Crown Duel - Sherwood Smith I first encountered Sherwood Smith in an excellent anthology ([b:Firebirds|40160|Firebirds An Anthology of Original Fantasy and Science Fiction|Sharyn November|http://d.gr-assets.com/books/1309211431s/40160.jpg|17234924]), where I was taken with her story "Beauty". Purely on the strength of that story, I went right out and bought this related double novel. I'm sorry to stay the story was far better than the book. In fairness, I note that the book was written several years earlier.

Crown Duel
This first book was disappointing. For one thing, some of the language is careless. Early on, a pair of characters are described as having hip flagons. Flagons? Flasks are traditional here. A flagon is large pretty much by definition, generally not watertight, and basically not suited for the hip. There are a few others like this; not a lot, but enough to throw me off as a reader, and to weaken my confidence in the author. Some continuity flaws don't help.

The story itself is determinedly Young Adult, though the protagonist's age is never clear. That's no problem; I like YA. But even writing about a teenager doesn't excuse some of the weakness here. For example, on the run, fearing torture and death, repeatedly ill, just past escaping a trap, and literally surrounded, Mel nonetheless decides to play a childish prank. Young is one thing. Dumb is another, and not one that most readers are looking to relate to.

Even before that point, the story has its flaws. Mel is injured, gets sick, gets rescued and partly healed, gets sick, gets rescued and partly healed, gets sick ... you see where this is going. It's just not the most inventive of plots.

There were opportunities here for some interesting growth and reflection, as Mel and her idealism confront cold hard reality, and realizes there's more to the world than she knew. Unfortunately, that brief realization is about as far as she goes. The characters are likeable and Mel is mildly fun, but there's no real depth anywhere.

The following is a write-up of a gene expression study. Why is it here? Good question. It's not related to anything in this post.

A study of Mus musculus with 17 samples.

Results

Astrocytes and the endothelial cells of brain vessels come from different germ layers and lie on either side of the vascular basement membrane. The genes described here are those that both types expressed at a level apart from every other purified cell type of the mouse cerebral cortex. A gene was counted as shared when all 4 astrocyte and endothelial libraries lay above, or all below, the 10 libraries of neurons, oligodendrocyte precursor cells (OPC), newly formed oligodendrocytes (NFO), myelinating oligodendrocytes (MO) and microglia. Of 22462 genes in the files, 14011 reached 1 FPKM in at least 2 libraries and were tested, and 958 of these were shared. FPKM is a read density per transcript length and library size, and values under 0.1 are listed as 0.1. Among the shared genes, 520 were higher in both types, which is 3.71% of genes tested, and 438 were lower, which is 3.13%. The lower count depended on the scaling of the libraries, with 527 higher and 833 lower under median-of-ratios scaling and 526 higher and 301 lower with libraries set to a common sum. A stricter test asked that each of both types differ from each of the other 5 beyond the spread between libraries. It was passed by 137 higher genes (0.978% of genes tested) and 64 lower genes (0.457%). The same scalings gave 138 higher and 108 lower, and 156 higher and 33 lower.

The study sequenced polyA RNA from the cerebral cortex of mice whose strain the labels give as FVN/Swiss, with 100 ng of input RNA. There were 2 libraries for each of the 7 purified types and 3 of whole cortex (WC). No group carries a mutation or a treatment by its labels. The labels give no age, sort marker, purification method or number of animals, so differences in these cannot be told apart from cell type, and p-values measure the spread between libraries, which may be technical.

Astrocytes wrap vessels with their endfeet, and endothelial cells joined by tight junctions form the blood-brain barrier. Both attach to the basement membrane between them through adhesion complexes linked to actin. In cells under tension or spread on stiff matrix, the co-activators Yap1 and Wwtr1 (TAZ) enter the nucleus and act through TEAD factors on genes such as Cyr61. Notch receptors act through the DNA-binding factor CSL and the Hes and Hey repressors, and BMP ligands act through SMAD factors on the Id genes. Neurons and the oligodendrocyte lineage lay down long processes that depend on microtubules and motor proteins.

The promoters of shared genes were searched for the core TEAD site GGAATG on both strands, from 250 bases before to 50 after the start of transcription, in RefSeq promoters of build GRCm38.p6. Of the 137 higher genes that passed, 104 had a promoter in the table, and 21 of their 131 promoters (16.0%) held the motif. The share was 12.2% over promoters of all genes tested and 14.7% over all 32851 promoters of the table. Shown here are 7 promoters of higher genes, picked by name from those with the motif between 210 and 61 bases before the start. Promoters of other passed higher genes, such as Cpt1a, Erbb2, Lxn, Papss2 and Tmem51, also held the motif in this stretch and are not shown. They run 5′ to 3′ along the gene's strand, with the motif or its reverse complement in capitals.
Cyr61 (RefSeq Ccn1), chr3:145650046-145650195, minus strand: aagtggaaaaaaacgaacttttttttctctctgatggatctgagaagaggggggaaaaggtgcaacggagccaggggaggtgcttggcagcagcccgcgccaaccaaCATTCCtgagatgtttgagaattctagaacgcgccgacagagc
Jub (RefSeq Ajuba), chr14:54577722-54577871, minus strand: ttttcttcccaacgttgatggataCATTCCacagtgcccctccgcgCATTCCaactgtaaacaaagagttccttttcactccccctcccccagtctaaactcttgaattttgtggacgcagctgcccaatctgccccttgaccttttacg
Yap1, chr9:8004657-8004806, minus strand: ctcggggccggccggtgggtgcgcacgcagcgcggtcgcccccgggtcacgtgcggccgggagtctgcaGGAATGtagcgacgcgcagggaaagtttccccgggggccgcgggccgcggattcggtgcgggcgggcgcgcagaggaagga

All in all, disappointing. I admit that the short story left me expecting a lot, but this isn't even close to what I hoped for. If I hadn't bought this as a double novel, I wouldn't have gone on to Court Duel.

Court Duel
Court Duel is better than its predecessor, though it shares some of the same flaws. The story is a harmless young adult adventure, though it focuses more on court politics than I might have wished. On the pedantic front: the language is sometimes careless - several times, there are variants of "he had bade her to ...", where "bidden" would have been correct. But generally, it's a readable light fantasy.

More of a concern, even in a YA novel, are substantial flaws in court behaviour. For example, the kingdom lacks a ruler throughout virtually the entire book, yet no one seems very concerned. The book makes the occasional stab at depicting budding democracy, but it's essentially a hereditary, feudalistic system through and through. In a fantasy, that would be no problem if the author embraced it. Here, Sherwood seems to want to pretend everyone's happy with the arrangement. Yet our protagonist, Mel, who we understand to be at one with the common people despite her formal rank, shows no compunction about spending what must be vast amounts of money to have artisans brought from other countries, all to throw a party. Money originally deprived from brutal repression and excess, but ... that was before.

The plot itself is fairly straightforward - court politics, unexpected romance - and no great surprise to anyone but Mel. I'm not certain it was mean to be, but watching her not know what's what over the course of two books did get a bit tedious.

Overall, a decent read, but not one to go out of your way for, and possibly not meaningful to anyone who hasn't read the first book, which I can't recommend.

Omnibus edition
The dual novel comes with some amusing extras - one short story, and some scenes re-told from Vidanric Shevraeth's perspective. Unfortunately, even these don't explain why the intelligent, sophisticated Marquis displays the interest he does. The copy editing is a trifle lax.